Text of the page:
Some situations require even the most experienced rescue workers to think outside the box in an emergency situation. When a woman's leg became trapped in a water valve in the middle of Springfield Avenue late Sunday afternoon, firefighters used a rather unconventional substance to help extricate her — laundry detergent.
Battalion Chief Richard Locke of the Summit Fire Department said firefighters were called out to Springfield Avenue near Maple Avenue at about 3:45 p.m. after getting reports that a woman, who was downtown shopping with her three young children, had gotten her foot caught in an uncovered water valve in the middle of the busy street. Locke said the valves are used to shut off the water to the buildings int he downtown area. One was uncovered, and as the victim was crossing the street, her right foot got caught and her leg slipped down into a hole that was about four feet deep.
The woman was wearing Ugg-style boots and Locke said firefighters believe that water in the valve began to seep into the boot, making it even more difficult to pull from the pipe.
When crews arrived at the scene, they immediately requested assistance from the Department of Public Works in case efforts to pull the woman from the hole were unsuccessful and the street needed to be dug up. In addition, police blocked off the busy street, which serves as a main thoroughfare through the downtown area. New Jersey American Water was also contacted and asked to respond so they could cap the valve and prevent other similar incidents from taking place.
After trying a number of different methods to free the woman's leg from the valve — including the use of a medical suction unit to remove some of the water — Locke said firefighters resorted to finding a substance that would lubricate the victim's leg and help them pull it free without causing her any injury.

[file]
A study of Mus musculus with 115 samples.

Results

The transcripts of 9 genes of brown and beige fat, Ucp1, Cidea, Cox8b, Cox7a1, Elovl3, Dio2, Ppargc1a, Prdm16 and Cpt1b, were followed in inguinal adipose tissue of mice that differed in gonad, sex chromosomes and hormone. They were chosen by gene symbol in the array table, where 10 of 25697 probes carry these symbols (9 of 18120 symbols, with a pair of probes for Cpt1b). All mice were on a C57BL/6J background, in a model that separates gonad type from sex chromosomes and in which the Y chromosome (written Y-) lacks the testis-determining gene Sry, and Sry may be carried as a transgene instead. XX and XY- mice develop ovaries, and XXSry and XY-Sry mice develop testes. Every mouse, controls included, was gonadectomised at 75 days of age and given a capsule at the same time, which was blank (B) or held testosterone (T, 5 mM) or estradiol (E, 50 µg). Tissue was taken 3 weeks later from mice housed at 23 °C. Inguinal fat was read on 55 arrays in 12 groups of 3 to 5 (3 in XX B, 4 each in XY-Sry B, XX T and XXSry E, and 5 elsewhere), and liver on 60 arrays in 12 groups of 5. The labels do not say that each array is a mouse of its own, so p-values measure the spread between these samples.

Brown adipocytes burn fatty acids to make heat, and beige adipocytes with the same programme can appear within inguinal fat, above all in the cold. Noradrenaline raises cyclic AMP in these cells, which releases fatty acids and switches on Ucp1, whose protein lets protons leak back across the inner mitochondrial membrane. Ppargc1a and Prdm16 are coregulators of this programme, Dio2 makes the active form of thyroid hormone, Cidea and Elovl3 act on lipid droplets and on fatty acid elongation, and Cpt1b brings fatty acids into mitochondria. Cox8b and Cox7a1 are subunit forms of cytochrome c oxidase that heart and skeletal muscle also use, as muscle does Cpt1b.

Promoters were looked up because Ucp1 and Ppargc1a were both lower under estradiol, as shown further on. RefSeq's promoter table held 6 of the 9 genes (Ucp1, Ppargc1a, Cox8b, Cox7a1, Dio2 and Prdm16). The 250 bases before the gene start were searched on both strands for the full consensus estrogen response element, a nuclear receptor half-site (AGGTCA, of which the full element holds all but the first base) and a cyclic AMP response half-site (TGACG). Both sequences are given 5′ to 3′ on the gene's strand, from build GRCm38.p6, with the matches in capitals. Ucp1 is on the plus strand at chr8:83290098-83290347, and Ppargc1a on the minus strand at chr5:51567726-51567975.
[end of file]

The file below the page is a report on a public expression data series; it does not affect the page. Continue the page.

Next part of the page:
"We were trying a number of different things. We tried to get out as much water as we could with a medical suction unit, so once we got that done we were looking for something that would make it a little more slippery, and something that would mix with the water. If we had used something like cooking oil, the oil would've just floated to the top, it wouldn't have mixed with the water, so we tried laundry detergent mixed with some dish soap," Locke explained.
The detergent did the trick and, inch by inch, firefighters were able to pull the woman from the hole. By about 4:26 p.m., rescue workers successfully freed the victim, at which time she was evaluated by crews from the Summit Rescue Squad. Although the woman — who remained calm throughout much of the ordeal — didn't seem injured, emergency medical technicians wanted to make sure she wasn't suffering from any other medical issues.
"Our bigger concern was hypothermia from her being outside on the asphalt for such a long time," Locke said.
The battalion chief said he's responded to many calls throughout his career for people who had become stuck in various places, but this type of situation was a first for him.